Fort Hood re-launched its Resiliency Campus and unveiled its Soldier and Family Fit Facility on Tuesday morning with a mission to improve the lifestyles of soldiers and members of the Fort Hood community.
“Our mission is to provide meaningful, evidence-based solutions to members of our community to help elevate their lives,” said Col. Patricia Darnauer, Carl R. Darnall Army Medical Center commander. “(The) wellness centers are part of a broader public health effort focusing on installation by installation level health promotion and wellness. The wellness center provides an environment where individuals can make personal choices about healthy living within their own self-reported needs.”
Capt. Jason Norwood, resiliency program commandant, said the re-launch of the Resiliency Campus is due to an increased synergy between various agencies, the incorporation of new programs and the revamping of programs already in existence.
“Basically, we just enabled ourselves to incorporate the different agencies and facilities in a new fashion, oriented to developing threats to our resiliency throughout the Fort Hood community,” he said. “We want to re-dedicate ourselves not just to the soldiers but also to the families, friends, contractors and DA civilians that we serve here.”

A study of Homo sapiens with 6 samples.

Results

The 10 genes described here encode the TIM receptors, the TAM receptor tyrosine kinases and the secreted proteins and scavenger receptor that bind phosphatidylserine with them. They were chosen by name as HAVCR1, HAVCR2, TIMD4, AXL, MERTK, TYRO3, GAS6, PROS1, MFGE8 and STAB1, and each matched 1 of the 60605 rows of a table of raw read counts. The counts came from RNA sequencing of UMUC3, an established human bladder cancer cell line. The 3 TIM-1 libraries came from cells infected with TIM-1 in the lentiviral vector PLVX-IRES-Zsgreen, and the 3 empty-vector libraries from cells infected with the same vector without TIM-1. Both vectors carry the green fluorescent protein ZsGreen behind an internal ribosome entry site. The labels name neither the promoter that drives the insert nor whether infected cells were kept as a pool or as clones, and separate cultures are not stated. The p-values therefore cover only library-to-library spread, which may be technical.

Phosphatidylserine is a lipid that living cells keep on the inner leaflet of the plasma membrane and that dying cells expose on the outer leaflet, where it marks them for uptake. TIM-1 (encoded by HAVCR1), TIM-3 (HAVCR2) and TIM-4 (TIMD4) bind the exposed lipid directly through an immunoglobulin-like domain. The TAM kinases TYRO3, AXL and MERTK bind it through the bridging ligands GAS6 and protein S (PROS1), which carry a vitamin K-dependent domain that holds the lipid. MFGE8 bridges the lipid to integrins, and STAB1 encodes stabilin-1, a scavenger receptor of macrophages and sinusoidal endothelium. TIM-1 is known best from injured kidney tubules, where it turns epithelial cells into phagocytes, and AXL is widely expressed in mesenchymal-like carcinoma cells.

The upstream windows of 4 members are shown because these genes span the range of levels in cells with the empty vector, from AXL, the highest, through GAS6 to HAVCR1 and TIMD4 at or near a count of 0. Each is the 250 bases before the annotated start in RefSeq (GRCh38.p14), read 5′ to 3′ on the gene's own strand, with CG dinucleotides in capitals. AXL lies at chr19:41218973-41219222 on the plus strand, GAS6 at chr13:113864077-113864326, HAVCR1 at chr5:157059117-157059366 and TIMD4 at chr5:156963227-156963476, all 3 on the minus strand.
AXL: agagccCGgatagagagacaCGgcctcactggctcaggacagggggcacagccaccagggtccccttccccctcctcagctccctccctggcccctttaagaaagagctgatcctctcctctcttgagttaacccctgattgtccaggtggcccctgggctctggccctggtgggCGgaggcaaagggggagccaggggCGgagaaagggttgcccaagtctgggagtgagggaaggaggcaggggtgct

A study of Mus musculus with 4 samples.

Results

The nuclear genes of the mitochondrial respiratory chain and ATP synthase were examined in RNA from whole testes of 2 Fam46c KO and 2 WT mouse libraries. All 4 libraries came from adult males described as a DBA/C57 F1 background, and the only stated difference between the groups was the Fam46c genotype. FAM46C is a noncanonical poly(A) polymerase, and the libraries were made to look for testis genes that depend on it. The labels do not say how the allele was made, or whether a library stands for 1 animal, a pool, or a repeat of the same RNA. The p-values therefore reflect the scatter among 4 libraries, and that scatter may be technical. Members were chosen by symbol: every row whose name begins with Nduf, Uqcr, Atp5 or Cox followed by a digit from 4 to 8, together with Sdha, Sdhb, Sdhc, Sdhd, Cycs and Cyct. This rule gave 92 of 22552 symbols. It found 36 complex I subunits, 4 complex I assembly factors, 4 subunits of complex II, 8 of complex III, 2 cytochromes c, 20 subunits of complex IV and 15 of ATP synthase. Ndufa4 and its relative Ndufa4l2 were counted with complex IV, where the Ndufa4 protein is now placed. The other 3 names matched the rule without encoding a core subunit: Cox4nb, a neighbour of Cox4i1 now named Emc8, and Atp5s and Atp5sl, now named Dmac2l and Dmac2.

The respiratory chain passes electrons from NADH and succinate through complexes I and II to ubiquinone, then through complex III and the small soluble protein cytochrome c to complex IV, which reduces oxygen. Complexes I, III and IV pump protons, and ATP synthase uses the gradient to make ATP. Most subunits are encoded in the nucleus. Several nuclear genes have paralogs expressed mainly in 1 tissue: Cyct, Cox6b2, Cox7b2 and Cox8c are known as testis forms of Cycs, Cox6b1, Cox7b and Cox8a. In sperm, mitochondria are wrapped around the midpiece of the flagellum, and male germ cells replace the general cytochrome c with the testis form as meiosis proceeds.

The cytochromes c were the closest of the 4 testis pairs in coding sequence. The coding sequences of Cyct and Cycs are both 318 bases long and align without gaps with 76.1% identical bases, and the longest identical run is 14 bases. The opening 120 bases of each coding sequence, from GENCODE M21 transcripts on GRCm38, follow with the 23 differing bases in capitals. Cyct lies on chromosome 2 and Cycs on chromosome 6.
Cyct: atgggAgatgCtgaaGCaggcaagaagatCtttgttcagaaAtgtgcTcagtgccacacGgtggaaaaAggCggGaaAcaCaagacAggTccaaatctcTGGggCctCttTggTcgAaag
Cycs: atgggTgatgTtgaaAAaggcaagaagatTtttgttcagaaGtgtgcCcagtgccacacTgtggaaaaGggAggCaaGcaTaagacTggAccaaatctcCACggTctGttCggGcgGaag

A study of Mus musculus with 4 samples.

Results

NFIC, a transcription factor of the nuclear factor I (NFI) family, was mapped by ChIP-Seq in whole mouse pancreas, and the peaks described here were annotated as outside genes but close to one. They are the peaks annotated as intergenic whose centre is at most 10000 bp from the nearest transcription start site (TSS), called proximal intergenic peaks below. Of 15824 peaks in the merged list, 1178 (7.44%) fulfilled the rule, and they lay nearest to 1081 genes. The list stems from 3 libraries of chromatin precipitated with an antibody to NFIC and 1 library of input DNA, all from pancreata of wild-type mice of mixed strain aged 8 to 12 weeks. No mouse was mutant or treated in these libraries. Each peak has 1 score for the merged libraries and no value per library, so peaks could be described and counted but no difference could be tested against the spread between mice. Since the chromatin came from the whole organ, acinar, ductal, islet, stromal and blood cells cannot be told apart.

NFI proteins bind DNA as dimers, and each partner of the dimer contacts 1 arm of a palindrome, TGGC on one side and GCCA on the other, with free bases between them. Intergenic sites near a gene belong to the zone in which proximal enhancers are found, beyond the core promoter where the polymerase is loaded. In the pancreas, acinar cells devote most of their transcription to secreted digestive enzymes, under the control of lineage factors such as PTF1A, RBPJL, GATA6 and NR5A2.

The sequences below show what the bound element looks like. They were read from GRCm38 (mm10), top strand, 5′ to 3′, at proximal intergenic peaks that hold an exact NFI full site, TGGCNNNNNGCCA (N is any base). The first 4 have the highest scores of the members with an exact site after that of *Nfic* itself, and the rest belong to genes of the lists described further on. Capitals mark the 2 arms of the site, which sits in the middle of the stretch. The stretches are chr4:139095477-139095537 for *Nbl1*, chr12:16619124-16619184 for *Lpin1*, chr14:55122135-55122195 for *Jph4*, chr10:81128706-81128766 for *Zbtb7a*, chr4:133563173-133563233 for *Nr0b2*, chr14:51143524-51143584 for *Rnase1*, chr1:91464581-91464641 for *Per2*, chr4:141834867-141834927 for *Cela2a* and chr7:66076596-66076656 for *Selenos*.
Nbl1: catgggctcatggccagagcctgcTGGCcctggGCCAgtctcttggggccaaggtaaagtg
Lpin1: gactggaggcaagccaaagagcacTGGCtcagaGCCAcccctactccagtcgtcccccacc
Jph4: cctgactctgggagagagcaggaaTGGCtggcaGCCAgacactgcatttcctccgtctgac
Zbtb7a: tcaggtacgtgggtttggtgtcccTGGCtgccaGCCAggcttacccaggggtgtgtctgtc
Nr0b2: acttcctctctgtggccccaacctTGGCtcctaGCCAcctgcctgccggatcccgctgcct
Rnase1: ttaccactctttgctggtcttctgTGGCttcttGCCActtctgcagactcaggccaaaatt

The Soldier and Family Fit Facility is comprised of five programs — the Army Wellness Center, the Weigh to Live program, an executive wellness assessment program, a tobacco cessation program, a self-care program and stress management.
“Having all of these programs co-located will help members of the community engage in one-stop-shopping for services designed to improve their lifestyle and help them reach new fitness and personal performance goals,” Darnauer said. “The resiliency campus will provide real solutions for soldiers, families and our civilians here at the Great Place. We are committed to positively influencing the health of the force and the health of our nation.”
Fort Hood is no stranger to challenging operational tempo and deployment, and the center will facilitate readiness and resiliency while strengthening and improving unit readiness, said Maj. Gen. Anthony Ierardi, deputy commander of III Corps and Fort Hood.
“After a number of years of this, and after some challenging times for our soldiers and their families, the Army recognizes the importance of enduring programs such as our readiness and resiliency program to enhance readiness in our units,” he said. “With so much to offer, the resiliency campus enables us to take a proactive role in aiding our soldiers and families before a problem begins.”
Norwood said the re-launch was underway before the April 2 shooting on post, but following the event it was taken into consideration as part of the facilities re-dedication.
“Our objective is to be as proactive as possible and not retroactive,” he said. “We want to prevent the crisis; this is a preventative program. We are trying to keep ahead of any negative crisis that may happen.”
Norwood said the facility will also be beneficial as troops continue to return from deployment.